Catherine McNabb, aged 68, passed away from lung cancer on the morning of Friday, Oct. 8th, 2021. She was surrounded with love through her passing. Catherine was diagnosed three years ago. The meds afforded her a reprieve to take bucket list trips, to spend meaningful time with family and friends, and of course, to milk the cancer card for all it was worth. She faced her illness as she did her life - with humor, courage, and gratitude. She acknowledged that it was a shame the diagnosis came right before she was to retire, but she allowed no self-pity and believed she had been very fortunate to live the life she had. She sat in a place of gratitude and that led to a state of grace.
Catherine was born July 16, 1953 in Bellflower, California to Lee and Eleanor Crosland. She had one older brother, Steve Crosland. She would tell you that she was the good one. She graduated high school in the top of her class and went on to attend UC/Riverside. She married in 1974 and had a daughter, Jennifer, in 1978. She lived in So Cal until 1989. During these years she actively pursued her passion of theater and choir. She made the jump to Port Townsend, Washington in 1989, following her brother and his family, Miko and Kenji, to the area for a fresh start.
She met her husband, Frank McNabb, on Halloween, shortly after moving to PT. After confirming that his lounge lizard suit (complete with chest hair and chains) was indeed a costume, they hit it off. She was drawn to his sense of humor and they were married the following spring on May 25, 1990. The laughter never stopped and they shared more than 31 years of teasing, jokes, music, life, and love. He also brought three children to the marriage — Annie, Scott, and David — and Catherine was thrilled to have more children added into her life.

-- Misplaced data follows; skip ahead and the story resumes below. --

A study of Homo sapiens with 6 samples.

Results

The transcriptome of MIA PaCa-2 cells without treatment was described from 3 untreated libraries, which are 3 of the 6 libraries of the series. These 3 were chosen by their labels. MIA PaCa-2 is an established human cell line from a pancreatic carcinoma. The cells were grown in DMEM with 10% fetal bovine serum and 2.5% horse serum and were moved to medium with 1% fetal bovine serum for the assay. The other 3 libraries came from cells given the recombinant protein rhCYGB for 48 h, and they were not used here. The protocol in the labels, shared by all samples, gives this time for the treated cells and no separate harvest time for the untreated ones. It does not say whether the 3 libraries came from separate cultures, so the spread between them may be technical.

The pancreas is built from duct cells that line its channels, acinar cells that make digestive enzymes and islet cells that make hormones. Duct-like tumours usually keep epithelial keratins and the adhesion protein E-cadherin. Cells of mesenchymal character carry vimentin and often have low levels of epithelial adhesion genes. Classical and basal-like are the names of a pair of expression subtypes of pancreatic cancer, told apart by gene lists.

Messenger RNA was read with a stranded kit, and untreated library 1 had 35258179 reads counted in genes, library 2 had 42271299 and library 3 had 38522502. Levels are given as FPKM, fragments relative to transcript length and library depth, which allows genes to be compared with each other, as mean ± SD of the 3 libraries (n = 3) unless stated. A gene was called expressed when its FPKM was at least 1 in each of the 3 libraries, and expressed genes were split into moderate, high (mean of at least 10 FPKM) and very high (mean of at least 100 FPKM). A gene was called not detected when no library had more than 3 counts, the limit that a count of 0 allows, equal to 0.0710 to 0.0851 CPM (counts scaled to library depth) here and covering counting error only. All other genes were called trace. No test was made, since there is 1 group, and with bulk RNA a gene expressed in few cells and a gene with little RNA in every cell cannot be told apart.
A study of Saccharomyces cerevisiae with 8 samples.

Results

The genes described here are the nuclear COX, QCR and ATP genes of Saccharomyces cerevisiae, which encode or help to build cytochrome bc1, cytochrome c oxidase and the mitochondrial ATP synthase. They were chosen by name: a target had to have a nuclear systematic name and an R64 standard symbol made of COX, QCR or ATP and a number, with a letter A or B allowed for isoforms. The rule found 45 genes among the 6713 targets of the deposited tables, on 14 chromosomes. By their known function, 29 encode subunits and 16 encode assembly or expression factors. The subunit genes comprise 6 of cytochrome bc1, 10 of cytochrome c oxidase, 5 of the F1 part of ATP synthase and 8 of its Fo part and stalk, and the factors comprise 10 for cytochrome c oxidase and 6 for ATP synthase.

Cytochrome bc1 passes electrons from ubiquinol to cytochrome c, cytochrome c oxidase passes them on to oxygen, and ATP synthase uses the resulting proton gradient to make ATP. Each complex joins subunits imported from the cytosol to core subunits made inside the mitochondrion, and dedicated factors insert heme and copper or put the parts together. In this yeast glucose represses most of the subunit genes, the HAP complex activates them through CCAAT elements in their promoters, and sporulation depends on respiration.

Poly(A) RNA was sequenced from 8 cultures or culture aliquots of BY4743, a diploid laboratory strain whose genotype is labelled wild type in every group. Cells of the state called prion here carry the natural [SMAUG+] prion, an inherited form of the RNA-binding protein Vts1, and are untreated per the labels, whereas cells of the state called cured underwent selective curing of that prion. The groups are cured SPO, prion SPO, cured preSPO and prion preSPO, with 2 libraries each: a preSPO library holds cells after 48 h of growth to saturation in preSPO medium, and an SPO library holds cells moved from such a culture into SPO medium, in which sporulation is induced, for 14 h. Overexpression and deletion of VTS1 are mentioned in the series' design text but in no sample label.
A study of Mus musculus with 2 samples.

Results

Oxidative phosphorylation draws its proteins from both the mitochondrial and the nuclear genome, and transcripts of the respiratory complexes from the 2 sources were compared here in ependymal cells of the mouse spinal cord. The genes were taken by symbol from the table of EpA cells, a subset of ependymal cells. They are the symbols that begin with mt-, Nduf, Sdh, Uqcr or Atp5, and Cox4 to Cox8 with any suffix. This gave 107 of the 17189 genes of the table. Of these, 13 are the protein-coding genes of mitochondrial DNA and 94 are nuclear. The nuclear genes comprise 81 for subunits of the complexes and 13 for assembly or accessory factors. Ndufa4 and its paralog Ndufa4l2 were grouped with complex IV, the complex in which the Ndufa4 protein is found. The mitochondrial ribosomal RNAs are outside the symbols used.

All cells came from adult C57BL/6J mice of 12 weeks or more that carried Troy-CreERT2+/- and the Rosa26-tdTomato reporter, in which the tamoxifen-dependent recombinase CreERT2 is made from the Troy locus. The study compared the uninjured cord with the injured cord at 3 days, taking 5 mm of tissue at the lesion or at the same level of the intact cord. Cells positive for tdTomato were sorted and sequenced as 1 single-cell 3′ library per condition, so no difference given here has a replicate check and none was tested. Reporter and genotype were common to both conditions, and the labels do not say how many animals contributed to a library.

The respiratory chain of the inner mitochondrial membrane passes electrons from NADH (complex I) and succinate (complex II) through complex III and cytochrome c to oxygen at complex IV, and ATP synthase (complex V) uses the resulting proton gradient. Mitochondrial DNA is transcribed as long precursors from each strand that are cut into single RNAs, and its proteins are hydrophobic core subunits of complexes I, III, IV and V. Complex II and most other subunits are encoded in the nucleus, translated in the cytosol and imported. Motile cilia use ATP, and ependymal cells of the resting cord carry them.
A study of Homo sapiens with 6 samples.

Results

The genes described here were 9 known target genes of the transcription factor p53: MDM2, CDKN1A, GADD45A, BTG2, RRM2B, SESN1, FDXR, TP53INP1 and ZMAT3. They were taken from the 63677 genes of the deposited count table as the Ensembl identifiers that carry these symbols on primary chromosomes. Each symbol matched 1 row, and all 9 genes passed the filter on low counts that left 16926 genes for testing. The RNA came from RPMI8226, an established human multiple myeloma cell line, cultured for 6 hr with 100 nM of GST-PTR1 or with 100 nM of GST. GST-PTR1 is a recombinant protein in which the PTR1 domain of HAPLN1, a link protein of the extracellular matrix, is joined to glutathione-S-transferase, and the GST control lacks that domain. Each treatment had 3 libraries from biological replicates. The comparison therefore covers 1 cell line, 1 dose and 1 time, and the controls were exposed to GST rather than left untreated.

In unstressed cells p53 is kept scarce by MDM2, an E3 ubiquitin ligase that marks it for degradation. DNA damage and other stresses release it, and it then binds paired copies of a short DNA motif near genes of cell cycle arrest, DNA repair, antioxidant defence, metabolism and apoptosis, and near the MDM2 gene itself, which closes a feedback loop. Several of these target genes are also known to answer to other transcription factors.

She was so “all in” when it came to life that it’s impossible to list all that she did. She worked for the city of Port Townsend in purchasing. As with everything, she excelled in her professional life. She was also instrumental in the success of the Sister City program with Ichikawa, Japan. She hosted their many visits and journeyed to be welcomed there in return. Always a performer, she sang, read literature on the radio, was active in PT Shorts, and was heavily involved in theater (Key City Players and Paradise). She spent time traveling, reading, cooking, volunteering, sewing, and with loved ones and her animals. She was the kind of person who was always on hyper-drive, always planning, always doing, and she did not waste her time. She was confident, capable, and with a powerful energy, matched by the gentlest and most empathetic heart.
The holidays were her thing, with Christmas as her favorite (Birthday Month being a close second). She earned the title as The Queen of Christmas, and boy did she live up to that role. She made everything special, and we celebrated with love, laughter, and huge piles of food on the table. She always said “nothing succeeds like excess” and we were all spoiled by her. But it wasn’t just the holidays, it was dinners, parties, whole family getaways, and gatherings of all kinds. Her talent was bringing everyone together. She worked so hard to give us all that gift, and we’re so grateful. She was so committed to her family, her friends, animals, and the world at large. She expressly stated that she did not want us to mourn for her but she’s SOL on that one. Our matriarch will be sorely missed. She leaves behind her husband, children, grandchildren, brother, sister-in-law, nephew, and her dog and cat.
Services will be held online at 3 p.m. Saturday, Oct. 23 through Quimper UU, where she was a dedicated member for many years. Go to QUUF.org and click on the red button that says video at 3. A Celebration of Life party will be held as soon as we can safely gather to give her the send off she deserves. Announcements for this portion will be made later. In lieu of purchased flowers, she asks that garden or wildflowers only be used, or to please use that time and money in aid of a charity.